Wednesday, December 10, 2008

Sauteed mushrooms fit perfectly into many contexts, and here is the recipe. We think of mushrooms as a vegetable, but they also show up beautifully as a seasoning, a topping or a condiment. They can be a side dish, and for vegetarians, a meaty main event. Because their flavor is so deep, their texture so strong (never turning to mush, no matter how long they are cooked, and their calorie count so low, mushrooms can be a waist-watcher’s dream holiday food.

Make numerous batches of all-purpose mushrooms as a holiday-season staple, and I guarantee you won’t get tired of them. Freeze them if you want. They freeze, defrost and reheat very well. Add them to a simple broth for a light first course, or spoon them onto brie for cocktail hour.

Choose mushrooms that are firm, evenly colored and dry all over.

In the case of domestic and cremini mushrooms, chose those with tightly closed caps. If all the gills are showing, the mushrooms are old but still can cook well (just don’t serve them raw).

Store fresh mushrooms unwashed in a brown paper bag (they need to breathe, so avoid plastic) in the refrigerator for up to 3 days. Clean just before using by wiping with a damp paper towel, not running under water. Avoid peeling, so they won’t lose any flavor. With the exception of shiitake, which should always be stemmed, stemming the mushrooms is optional. Use your judgment and follow your taste.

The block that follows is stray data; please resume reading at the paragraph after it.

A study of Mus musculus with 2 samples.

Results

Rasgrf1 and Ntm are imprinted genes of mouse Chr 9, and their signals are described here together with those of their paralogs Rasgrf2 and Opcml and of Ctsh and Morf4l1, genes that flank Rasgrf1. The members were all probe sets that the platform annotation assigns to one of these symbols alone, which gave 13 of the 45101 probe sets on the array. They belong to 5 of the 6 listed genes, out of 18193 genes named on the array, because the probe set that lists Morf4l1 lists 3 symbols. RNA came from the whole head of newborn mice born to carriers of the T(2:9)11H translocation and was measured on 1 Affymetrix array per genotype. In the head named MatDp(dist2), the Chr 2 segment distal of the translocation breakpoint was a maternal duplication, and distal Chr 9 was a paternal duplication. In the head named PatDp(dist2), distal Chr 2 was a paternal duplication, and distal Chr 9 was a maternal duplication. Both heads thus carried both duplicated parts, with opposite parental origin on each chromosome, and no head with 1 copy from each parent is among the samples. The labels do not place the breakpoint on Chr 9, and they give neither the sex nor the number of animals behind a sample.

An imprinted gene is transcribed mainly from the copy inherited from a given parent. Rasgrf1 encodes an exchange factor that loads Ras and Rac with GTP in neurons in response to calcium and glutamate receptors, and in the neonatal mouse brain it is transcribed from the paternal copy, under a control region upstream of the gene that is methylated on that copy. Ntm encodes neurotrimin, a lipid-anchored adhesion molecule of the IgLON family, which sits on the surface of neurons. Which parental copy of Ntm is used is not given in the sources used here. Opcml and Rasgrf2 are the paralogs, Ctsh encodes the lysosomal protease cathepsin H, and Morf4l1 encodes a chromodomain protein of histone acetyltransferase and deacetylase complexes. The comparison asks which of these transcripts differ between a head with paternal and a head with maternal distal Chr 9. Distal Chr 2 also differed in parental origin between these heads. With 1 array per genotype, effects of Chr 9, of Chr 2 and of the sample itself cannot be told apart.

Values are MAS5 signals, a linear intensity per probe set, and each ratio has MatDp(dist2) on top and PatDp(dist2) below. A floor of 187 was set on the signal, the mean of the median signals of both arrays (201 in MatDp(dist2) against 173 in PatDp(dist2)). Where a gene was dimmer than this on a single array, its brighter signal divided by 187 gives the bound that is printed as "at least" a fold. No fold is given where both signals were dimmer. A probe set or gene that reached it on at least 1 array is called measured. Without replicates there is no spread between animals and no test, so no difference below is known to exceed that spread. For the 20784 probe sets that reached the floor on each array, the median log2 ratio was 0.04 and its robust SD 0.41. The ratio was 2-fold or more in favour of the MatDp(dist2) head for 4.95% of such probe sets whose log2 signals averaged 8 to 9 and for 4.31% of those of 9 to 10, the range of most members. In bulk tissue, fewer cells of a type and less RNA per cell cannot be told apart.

All-purpose mushrooms

Makes about 4 servings.

1 tablespoon extra-virgin olive oil

About 1 teaspoon unsalted butter (optional)

1 cup very finely minced onion

4 heaping, packed cups mixed mushrooms (domestic and wild) sliced or minced, a generous pound

1/2 teaspoon salt (possibly more)

1/2 teaspoon dried thyme

1 tablespoon fresh lemon juice

Freshly ground black pepper

Place a large, deep skillet over medium heat. After about a minute, add the olive oil, and swirl to coat the pan. If you like, you can also melt in some butter. Add the onion and saute for about 8 minutes, or until soft.

Stir in the mushrooms, salt and thyme and turn up the heat to medium-high. Saute until the mushrooms are cooked through and their juices evaporate. This should only take a few minutes if the pan is hot and large enough.

Toss in the lemon juice, and add black pepper (and possibly more salt) to taste.

Serve hot, warm or at room temperature.